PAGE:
Vinedos Alonso del Yerro Ribera del Duero 2006
Tempranillo from Ribera del Duero, Spain
Purple-black in color with a brooding nose of earth, mineral, blackberry and blueberry compote. A smooth-textured, opulent wine with tons of flavor. It has a long, pure finish and several years of aging potential. It is an excellent value for a Ribera del Duero of this quality.
The Wine Advocate - "The 2006 Alonso del Yerro went through malolactic fermentation in new French oak and was aged sur lie for 12 months with batonnage. Purple-colored, it has an enticing bouquet of wood smoke, pencil lead, violets, spice notes, and black cherry jam. Suave, sweet, and layered on the palate, it has loads of savory fruit, excellent concentration, and several years of aging potential. It will be at its best from 2013 to 2026. "
International Wine Cellar - "Opaque ruby. Fresh red berries and cherry on the nose, with sexy Asian spices and minerals adding energy. Seamless raspberry and candied cherry flavors stain the palate but are almost weightless, with finegrained tannins adding shape. An understated, precise wine that finishes with excellent clarity and persistence."
Wine Spectator - "This red shows good concentration, with plum, licorice, meat and smoke notes in a thick texture, framed by firm tannins. Needs time to unpack, but makes an impression. This was the better of two bottles. Best from 2010 through 2015. 400 cases imported."
- View All
Vinedos Alonso del Yerro Winery
Vinedos Alonso del Yerro is a new estate established in 2002 in Ribera del Duero. The owners employ the renowned Bordeaux vigneron, Stephane Derenoncourt, for both his viticultural and winemaking expertise. The wines are 100% Tempranillo. View all Vinedos Alonso del Yerro Wines
About Ribera del DueroView a map of Ribera del Duero wineries (rib-EHR-ah del dwehr-oh)
Notable FactsThe wines of Ribera del Duero are mainly red – white wines here are not exported or revered. The reds come primarily from a variation of Tempranillo, called Tinto Fino or Tinto del Pais in this region. Garnacha and Cabernet Sauvignon are also used, but not so often. The best wines of the area are refreshing yet sturdy and complex, with an ability to age and mature gracefully.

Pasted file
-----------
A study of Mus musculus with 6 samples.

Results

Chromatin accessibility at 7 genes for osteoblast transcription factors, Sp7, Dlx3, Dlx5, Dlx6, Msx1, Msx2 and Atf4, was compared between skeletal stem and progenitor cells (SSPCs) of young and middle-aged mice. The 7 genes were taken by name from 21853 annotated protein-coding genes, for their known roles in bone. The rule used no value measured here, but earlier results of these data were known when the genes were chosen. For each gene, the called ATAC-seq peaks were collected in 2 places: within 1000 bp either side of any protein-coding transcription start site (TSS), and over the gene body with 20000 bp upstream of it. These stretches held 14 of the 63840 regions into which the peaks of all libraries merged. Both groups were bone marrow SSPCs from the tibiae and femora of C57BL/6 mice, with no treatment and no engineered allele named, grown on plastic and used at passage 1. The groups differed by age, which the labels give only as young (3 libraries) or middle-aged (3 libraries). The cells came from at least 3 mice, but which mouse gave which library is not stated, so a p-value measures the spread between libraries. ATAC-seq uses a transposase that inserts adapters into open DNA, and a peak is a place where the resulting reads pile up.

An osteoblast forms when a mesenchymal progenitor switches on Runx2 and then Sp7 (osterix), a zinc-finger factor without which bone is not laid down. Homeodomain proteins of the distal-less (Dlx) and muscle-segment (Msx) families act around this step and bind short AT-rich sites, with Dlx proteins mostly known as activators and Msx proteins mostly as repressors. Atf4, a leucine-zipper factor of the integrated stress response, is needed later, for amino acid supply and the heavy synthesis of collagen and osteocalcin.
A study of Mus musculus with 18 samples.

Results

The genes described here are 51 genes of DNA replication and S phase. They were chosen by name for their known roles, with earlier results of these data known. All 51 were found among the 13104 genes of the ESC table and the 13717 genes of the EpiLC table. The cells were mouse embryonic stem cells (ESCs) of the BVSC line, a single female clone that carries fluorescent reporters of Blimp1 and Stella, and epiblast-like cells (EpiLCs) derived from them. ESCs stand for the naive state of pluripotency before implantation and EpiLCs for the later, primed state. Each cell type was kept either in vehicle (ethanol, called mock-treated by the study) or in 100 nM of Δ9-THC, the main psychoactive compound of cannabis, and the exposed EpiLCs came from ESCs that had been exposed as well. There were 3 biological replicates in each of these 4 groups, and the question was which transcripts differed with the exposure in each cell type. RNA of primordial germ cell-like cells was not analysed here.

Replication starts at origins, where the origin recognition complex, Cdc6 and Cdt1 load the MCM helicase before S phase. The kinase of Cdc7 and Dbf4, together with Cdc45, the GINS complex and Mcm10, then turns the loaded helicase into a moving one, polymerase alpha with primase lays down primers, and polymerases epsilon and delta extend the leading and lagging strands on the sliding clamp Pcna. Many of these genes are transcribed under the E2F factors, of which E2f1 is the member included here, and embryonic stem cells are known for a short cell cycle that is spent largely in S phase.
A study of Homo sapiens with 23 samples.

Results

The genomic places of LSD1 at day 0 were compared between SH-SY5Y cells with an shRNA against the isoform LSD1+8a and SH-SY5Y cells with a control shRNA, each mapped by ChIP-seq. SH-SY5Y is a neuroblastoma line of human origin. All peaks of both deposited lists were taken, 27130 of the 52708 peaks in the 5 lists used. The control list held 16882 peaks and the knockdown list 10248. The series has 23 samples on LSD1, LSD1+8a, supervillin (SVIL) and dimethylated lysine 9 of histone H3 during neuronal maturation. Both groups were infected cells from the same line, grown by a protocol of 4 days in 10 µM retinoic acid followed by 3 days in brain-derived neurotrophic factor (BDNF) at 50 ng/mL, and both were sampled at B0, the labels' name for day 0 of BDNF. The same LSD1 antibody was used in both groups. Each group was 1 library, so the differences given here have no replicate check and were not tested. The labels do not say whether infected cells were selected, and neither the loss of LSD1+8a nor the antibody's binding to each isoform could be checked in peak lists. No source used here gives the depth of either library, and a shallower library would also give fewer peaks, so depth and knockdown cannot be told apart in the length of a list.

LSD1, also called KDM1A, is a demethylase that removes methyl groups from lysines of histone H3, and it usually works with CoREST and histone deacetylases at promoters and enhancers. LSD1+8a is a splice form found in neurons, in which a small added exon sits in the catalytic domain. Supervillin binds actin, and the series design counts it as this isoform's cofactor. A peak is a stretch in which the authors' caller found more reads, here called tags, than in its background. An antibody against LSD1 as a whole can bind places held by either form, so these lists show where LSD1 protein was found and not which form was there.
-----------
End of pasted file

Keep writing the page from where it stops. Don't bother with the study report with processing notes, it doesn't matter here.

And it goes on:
The most popular red varieties of Spain include Tempranillo and Garnacha (Grenache). Whites don't garner quite as much recognition, but there are some regional varieties not to be missed, like Albarino and Verdejo. The popular red regions of Spain include Rioja, known for its outstanding wines of the Tempranillo grape; Ribera del Duero, producing high quality reds from Tempranillo and Garnacha; Galacia, with the sub-region of Rias Baixas, home to the deliciously crisp and floral Albarino grape; and Priorat, a region increasing in popularity with its high-quality cult reds. Other regions of note are Rueda, growing the Verdejo grape, La Mancha, a wide desert region, covered in the most planted white variety in the world, Airen, and Jumilla, making wines based on Monastrell (Mourvedre).
Spain's wine laws are based on the Denominacion de Origen (DO) classification system, devised in the 1930's. A four tiered system, the most basic level is Vina de Mesa (table wine) followed by Vino de la Tierra (country wine), DO and at the top DOC. Currently, only Rioja and Priorat have DOC status, while over 65 DO's scatter the country.
Most DO regions are classified and regulated by how long they age the wines. On a red wine label, one may find the terms Crianza, Reserva or Gran Reserva, denoting the wine's barrel and bottle time. Crianza is usually two years between barrel and bottle (the time in each depends on the DO and/or the winemaker), Reserva up to 4 years and Gran Reserva 5 – 6 years. Classifications of each region and wine are controlled by the region's Consejo Regulador.
Customer ReviewsSign In to Add Your Review4 }div>4 out of 5 stars
Alcohol By Volume GuideMost wine ranges from 10-16% alcohol by volume. Some varietals tend to have higher (for example Zinfandel and Cabernet Sauvignon) or lower alcohol levels (Pinot Noir and many white varietals), but there is always some variation from producer to producer. Some wine falls outside of this range, for instance Port weighs in closer to 20%, while Muscat and Riesling are usually a bit below 10%.
Wine Style Guide
Light & Fruity
- Red wines that are more fruit-forward and lighter in tannin and body.
Smooth & Supple
- Medium bodied reds that go down easy, with smooth tannins and supple fruit.
Earthy & Spicy
- Wines where earthy and/or spicy dominate the flavors – typically medium to full body.
Big & Bold
- Full bodied wines that have concentrated fruit and are higher in alcohol and/or tannins. Some need age.